Port Moody taxes to rise 2.1%

Property taxes are expected to go up 2.1%. - tri-city newS FILE PHOTO
Property taxes are expected to go up 2.1%.
— image credit: tri-city newS FILE PHOTO

Port Moody homeowners will see an average $59 jump in their property bills this year.

On Tuesday, city council unanimously gave three readings to the tax bylaw, which, if approved next month, will see property and utility levies go up by a blended 2.1%. The rate is more than a point lower than last year's 3.38%.

The tax, which pays for city hall, fire, police and library services as well as utilities such as garbage and recycling collection, means homeowners living in a home with the statistically average assessed value of $539,275 will pay about $2,865 this year.

Council voted to make a few adjustments to the budget this year to save money: The city will sell three older police cruises, shave $40,000 off three summer celebrations (looking for corporate sponsorship instead) and bump the city tourism plan to next year.

As well, council voted against hiring a media clipping service and moved the second phase of the museum site study to 2018. And no additional police officers or firefighters will be hired this year.

As part of the five-year financial plan, which also received three bylaw readings, council plans to tuck away 1% a year until at least 2018 for asset renewal.

Among its major capital projects for 2014, the city is proposing:

• $859,000 for transportation upgrades (traffic calming, signage and bus stops);

• $675,000 for civic centre exterior repairs;

• $520,000 for the water system replacement and upgrades on Moody Street;

• $464,000 for recreation complex improvements;

• $450,000 for road reconstruction.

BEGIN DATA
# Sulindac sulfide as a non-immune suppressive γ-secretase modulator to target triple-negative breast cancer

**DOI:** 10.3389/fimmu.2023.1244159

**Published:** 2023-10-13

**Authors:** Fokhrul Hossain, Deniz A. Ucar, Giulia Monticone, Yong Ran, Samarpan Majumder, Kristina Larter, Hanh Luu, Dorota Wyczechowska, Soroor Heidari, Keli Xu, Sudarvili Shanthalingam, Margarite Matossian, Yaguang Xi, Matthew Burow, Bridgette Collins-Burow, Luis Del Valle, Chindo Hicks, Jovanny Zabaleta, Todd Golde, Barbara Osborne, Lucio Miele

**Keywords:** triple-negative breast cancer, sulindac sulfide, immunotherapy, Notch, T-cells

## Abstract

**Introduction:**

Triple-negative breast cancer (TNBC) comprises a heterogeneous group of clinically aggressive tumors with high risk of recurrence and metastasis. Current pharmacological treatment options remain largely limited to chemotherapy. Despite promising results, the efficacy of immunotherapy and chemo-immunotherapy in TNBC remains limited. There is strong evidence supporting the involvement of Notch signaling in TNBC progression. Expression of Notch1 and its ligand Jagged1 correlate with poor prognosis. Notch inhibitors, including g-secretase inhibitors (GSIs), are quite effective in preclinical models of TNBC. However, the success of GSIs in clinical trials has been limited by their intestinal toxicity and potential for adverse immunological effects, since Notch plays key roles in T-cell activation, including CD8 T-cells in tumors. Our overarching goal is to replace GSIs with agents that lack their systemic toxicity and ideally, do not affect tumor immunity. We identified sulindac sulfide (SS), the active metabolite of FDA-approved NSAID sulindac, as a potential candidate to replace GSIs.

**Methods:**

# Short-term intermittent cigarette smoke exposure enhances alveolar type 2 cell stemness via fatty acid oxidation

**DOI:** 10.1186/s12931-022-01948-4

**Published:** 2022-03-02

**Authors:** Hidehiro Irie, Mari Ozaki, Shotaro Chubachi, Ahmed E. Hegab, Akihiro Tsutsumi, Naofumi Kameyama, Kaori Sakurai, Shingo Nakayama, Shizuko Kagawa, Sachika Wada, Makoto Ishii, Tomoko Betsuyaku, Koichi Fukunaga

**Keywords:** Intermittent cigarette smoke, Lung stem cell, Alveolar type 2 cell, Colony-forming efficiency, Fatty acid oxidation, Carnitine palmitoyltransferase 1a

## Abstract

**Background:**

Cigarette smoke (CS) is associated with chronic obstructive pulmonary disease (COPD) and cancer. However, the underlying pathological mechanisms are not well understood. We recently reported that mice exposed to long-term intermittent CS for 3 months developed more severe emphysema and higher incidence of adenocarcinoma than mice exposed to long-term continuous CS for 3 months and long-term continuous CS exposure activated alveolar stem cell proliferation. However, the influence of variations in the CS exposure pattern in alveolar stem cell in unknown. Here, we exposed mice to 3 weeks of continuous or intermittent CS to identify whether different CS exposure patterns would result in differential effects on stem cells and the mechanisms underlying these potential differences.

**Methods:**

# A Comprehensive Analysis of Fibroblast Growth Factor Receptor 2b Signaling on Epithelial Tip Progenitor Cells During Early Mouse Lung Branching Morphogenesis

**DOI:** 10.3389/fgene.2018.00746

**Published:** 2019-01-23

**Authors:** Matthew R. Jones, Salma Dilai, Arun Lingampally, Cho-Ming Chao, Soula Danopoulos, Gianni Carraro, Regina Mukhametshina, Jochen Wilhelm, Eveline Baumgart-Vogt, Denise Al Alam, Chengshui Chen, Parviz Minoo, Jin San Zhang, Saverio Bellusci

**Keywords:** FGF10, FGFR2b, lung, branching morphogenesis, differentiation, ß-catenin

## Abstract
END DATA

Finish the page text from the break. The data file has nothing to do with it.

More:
In her report to council, financial planning manager Gorana Cabral noted Port Moody, like other B.C. municipalities, struggles to keep up with increased wages and benefits for city staff, rising federal and provincial costs for CPP, EI and WCB contributions, inflation and other related fees to do business (utilities, fuel, software maintenance and postage).

Still, the city has seen "some modest growth" in tax revenues from new construction as well as fees and fines hikes, she wrote.

Port Moody forecasts property taxes will rise an average of $66 next year and $88 in 2016. City council is expected to adopt its 2014 tax rate and five-year financial plan bylaws at its May 13 meeting. Property taxes are due by July 2.



Saying that Port Moody's official community plan is a good vision for the city, Mayor Mike Clay presided over the vote Tuesday for one of the city's more contentious plans in many years.

The OCP, which lays out a broad vision for the city, including land-use changes for high-profile properties along the waterfront and near Evergreen Line stations, was given third reading following a lengthy public hearing.

Clay noted the OCP concludes a process that began in 2006; the next stage is a review by Metro Vancouver on the regional context statement and growth strategy.

The OCP process has been divided throughout, with differing opinions on building heights and how density should be portrayed in the plan. In the end, councillors Rick Glumac and Zoe Royer voted against granting the document third reading.

• OCP information and video of Tuesday's proceedings is available here.